Peter Bol says he is exonerated of doping, but Australia’s anti-drugs agency will continue investigating the star middle-distance runner.
Bol says he has been cleared of doping because his A and B samples from a drugs test last October don’t match.
“My provisional suspension has been lifted by Sport Integrity Australia,” Bol posted on Twitter.
“The relief I am feeling is hard to describe.”
Sport Integrity Australia (SIA) says the case involving Bol, arguably the nation’s highest-profile track athlete, remains open.
“The results of the Part B Sample analysis is an Atypical Finding (ATF) for recombinant EPO,” SIA said in a statement.
“The relevant rules require a WADA-accredited laboratory to obtain a second opinion from an expert … an ATF is not the same as a negative test result.
“An ATF is a report from a WADA-accredited laboratory which requires further investigation as provided by the World Anti-Doping Code.
“The investigation into the matter remains ongoing.
“Sport Integrity Australia will, as part of its investigation, proceed to consider whether any anti-doping rule violation/s have been committed.
“It is not possible to provide a time frame at this point.”
Bol, who finished fourth in the 800m final at the Tokyo Olympics in 2021, was told on January 10 of a positive result in his A sample from an October test.
But a second sample, the B sample, “did not confirm my A sample”, he wrote.
Former Australian anti-doping chief Richard Ings said the situation was unusual.
“I can’t recall the last time that happened,” Ings, former chief executive of the Australian Sports Anti-Doping Authority, wrote on Twitter.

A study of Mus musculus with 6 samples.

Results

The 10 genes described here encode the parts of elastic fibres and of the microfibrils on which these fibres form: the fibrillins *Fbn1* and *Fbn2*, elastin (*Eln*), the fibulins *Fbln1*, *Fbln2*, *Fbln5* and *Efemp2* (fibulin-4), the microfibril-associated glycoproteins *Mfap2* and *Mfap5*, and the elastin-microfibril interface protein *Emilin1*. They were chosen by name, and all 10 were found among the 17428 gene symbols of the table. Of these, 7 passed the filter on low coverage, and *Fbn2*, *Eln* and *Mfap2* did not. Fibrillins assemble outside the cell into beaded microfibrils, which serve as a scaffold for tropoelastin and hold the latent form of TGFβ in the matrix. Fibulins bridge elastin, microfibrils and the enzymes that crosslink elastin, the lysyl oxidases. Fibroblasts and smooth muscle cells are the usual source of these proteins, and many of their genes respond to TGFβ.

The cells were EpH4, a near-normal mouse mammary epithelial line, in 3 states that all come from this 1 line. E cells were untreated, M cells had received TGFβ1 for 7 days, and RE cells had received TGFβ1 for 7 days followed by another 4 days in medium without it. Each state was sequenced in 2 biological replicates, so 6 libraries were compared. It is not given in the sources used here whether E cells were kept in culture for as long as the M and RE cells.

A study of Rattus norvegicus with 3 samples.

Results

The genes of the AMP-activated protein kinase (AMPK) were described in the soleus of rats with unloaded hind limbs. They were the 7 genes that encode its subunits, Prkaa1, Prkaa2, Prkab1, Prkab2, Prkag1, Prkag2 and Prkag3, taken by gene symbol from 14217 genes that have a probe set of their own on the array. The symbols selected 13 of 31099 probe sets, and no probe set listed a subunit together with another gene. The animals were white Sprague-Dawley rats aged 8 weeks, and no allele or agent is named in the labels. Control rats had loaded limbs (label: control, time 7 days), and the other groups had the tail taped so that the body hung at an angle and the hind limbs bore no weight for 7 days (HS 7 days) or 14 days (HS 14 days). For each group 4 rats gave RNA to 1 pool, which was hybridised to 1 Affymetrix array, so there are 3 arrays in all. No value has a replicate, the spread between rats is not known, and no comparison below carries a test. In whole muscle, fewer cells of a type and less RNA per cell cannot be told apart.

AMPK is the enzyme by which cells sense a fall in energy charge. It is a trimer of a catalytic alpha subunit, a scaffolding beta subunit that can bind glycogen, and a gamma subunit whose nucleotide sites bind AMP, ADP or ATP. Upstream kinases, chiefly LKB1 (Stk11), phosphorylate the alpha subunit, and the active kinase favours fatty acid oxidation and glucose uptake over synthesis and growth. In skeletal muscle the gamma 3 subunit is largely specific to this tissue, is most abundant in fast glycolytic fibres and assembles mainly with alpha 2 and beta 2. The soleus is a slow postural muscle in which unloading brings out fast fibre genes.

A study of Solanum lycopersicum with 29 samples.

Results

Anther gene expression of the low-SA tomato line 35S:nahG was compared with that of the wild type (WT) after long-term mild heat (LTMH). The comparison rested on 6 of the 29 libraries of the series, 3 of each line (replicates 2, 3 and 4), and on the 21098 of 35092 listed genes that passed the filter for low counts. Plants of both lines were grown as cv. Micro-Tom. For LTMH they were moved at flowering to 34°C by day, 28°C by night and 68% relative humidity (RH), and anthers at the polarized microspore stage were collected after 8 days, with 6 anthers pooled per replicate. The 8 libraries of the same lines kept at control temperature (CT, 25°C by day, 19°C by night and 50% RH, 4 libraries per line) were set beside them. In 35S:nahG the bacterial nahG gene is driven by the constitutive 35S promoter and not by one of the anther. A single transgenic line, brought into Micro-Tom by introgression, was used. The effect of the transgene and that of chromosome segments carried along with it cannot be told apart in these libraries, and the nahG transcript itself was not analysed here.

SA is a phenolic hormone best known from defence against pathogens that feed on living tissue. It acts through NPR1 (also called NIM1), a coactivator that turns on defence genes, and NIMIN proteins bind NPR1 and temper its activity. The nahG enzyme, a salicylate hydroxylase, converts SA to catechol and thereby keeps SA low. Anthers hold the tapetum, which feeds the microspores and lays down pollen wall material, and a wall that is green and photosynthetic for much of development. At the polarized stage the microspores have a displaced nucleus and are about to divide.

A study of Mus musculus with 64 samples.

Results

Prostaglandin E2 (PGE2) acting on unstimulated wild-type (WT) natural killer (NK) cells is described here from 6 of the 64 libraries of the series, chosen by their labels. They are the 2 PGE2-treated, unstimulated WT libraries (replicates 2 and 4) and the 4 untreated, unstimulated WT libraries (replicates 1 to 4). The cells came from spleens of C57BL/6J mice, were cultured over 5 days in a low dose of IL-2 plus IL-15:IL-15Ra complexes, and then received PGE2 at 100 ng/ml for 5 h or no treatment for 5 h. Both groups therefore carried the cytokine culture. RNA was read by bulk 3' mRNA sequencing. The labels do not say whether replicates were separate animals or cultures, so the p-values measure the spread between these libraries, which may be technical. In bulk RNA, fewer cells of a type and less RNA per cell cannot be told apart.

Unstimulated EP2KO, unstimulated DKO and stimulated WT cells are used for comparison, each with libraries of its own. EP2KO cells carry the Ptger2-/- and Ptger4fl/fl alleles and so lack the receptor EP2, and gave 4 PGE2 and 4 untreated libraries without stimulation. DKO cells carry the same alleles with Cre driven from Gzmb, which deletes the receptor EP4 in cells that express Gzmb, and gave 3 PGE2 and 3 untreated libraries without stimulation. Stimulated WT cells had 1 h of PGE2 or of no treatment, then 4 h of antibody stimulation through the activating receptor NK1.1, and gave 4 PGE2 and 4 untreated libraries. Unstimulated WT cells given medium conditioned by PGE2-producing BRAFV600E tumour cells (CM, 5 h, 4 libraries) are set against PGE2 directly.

“I’m sure it has but it’s exceedingly rare … questions need asking of the lab and how it processed and assessed the A sample.”
Bol’s A sample from an October 11 test returned readings of erythropoietin (EPO).
The dual Olympian and Commonwealth Games silver medallist again emphasised he had never taken a banned substance.
Bol’s lawyer Paul Greene told the ABC it was a “disgrace” the athlete’s initial test result was leaked to the public.
“The last month has been nothing less than a nightmare,” Bol wrote.
“I wish that the results of my A sample had not been leaked, but there is nothing I can do about that.
“To say it one more time: I am innocent and have not taken this substance as I was accused.
“I have NEVER in my life purchased, researched, possessed, administered or used synthetic EPO or any other prohibited substance, and never will.”
Bol was provisionally banned by SIA and missed this year’s first major track and field meet in Adelaide on Saturday night. In his absence, crowds dipped by more than half compared with his appearance 12 months ago.
The next meet on the domestic calendar is the Maurie Plant Meet in Melbourne on February 23, a World Athletics Continental Tour event.
“Last month I told everyone that I was innocent and asked that everyone in Australia believe me and let the process play out,” Bol wrote.
“I was hopeful that the process would exonerate me. This morning, I am relieved to report that it did.”